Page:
Listed Building

The legal part of the listing is the address/name of site only. All other information in the record is not statutory.

WHITEHALL DOVECOTLB181

Status: Designated

Documents


Category
B
Date Added
06/09/1999
Supplementary Information Updated
06/09/1999
Local Authority
Scottish Borders
Planning Authority
Scottish Borders
Parish
Chirnside
NGR
NT 87278 55253
Coordinates
387278, 655253

Description

Probably 18th century. Rectangular-plan, 2-chambered lectern-type dovecot set to NW of Whitehall House. Walls approximately 3ft thick; each chamber approximately 13ft1' square. Harl-pointed sandstone rubble; tooled rubble dressings; red sandstone lintels. Projecting rat course/alighting ledge; rubble quoins; rubble long and short surrounds to doorways.

S (ENTRANCE) ELEVATION: 2 square-headed doorways flanking centre; iron hinges; gates/doors missing. Continuous rat course/alighting ledge above. 2-tiered rows of flight holes in roof pitch centred above each chamber with 15 (lower) and 9 (upper) openings to E; 16 (lower), 10 (upper) to W.

W, N AND E ELEVATIONS: continuous rat course/alighting ledge dividing blank elevation.

Grey slate mono-pitched roof (missing in part); stone-coped skews; beak skewputts with carved human faces. Iron rainwater goods and bracketed water trays.

INTERIOR: each chamber lined with sandstone nesting boxes (876 to E, 870 to W). Timber poles in place in part to W; missing to E.

Statement of Special Interest

Poor condition 1998. Traditional lectern-type dovecot with the interior divided in 2, each chamber independent from the other, thereby reducing disturbance and increasing security. A more sophisticated type of construction than the earlier beehive design (see separate list entry for the nearby Ninewells Dovecot), the lectern allowed more opportunity for decoration -the figurative skewputts being particularly notable here. See separate list entry for the nearby Whitehall House (no longer associated with the dovecot).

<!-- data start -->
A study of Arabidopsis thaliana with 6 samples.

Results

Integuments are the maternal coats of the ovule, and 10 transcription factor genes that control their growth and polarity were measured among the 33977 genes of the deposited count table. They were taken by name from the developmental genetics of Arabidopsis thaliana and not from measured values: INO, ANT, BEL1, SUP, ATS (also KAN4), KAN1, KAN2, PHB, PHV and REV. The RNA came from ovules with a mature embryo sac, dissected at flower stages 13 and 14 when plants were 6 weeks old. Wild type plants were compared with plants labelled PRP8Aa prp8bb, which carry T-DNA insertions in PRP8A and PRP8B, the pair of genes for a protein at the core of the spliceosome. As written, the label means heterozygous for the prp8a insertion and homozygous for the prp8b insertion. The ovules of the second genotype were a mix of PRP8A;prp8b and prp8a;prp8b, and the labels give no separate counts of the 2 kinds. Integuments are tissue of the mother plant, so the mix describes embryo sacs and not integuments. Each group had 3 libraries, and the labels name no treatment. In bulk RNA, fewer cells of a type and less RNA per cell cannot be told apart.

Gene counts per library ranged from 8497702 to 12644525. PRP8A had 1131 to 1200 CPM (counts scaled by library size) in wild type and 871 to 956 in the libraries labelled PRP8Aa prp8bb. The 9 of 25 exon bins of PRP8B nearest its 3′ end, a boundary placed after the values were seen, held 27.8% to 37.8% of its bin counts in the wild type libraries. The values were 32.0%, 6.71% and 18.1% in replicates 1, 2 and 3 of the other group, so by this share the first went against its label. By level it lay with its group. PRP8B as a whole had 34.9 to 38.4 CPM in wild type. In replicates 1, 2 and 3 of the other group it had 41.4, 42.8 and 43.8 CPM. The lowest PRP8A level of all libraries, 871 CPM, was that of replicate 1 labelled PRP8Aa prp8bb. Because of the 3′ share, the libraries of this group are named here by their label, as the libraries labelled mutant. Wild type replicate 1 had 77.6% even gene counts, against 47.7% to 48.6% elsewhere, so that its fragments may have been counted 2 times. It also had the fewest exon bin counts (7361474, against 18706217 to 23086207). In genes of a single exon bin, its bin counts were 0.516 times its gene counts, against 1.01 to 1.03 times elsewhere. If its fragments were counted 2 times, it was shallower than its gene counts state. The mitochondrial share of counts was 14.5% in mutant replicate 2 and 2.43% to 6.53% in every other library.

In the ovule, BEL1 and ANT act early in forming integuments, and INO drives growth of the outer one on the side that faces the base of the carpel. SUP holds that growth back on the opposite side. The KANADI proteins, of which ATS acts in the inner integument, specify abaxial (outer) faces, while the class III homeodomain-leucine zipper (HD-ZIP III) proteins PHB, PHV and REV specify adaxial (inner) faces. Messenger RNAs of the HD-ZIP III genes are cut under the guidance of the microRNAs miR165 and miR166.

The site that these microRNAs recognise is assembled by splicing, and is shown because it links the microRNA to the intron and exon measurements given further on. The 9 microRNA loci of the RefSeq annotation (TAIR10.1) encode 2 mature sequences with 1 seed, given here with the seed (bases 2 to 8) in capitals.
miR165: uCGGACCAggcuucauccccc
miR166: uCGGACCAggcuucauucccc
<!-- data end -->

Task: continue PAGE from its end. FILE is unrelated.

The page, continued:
References

Bibliography

Sharp, Greenwood & Fowler's map, 1826 (not clear). Ordnance Survey map, 1862 (evident). A Niven Robertson THE OLD DOVECOTES OF SCOTLAND (1961) pp490-491. T Buxbaum SCOTTISH DOOCOTS (1987) pp7-10. C A Strang BORDERS AND BERWICK: AN ILLUSTRATED ARCHITECTURAL GUIDE (1994) p38. NMRS photographic records.

About Listed Buildings

Listing is the way that a building or structure of special architectural or historic interest is recognised by law through the Planning (Listed Buildings and Conservation Areas) (Scotland) Act 1997.

We list buildings of special architectural or historic interest using the criteria published in the Historic Environment Scotland Policy Statement.

The statutory listing address is the legal part of the listing. The information in the listed building record gives an indication of the special architectural or historic interest of the listed building(s). It is not a definitive historical account or a complete description of the building(s). The format of the listed building record has changed over time. Earlier records may be brief and some information will not have been recorded.

Listing covers both the exterior and the interior. Listing can cover structures not mentioned which are part of the curtilage of the building, such as boundary walls, gates, gatepiers, ancillary buildings etc. The planning authority is responsible for advising on what is covered by the listing including the curtilage of a listed building. For information about curtilage see www.historicenvironment.scot. Since 1 October 2015 we have been able to exclude items from a listing. If part of a building is not listed, it will say that it is excluded in the statutory address and in the statement of special interest in the listed building record. The statement will use the word 'excluding' and quote the relevant section of the Historic Environment Scotland Act 2014. Some earlier listed building records may use the word 'excluding', but if the Act is not quoted, the record has not been revised to reflect current legislation.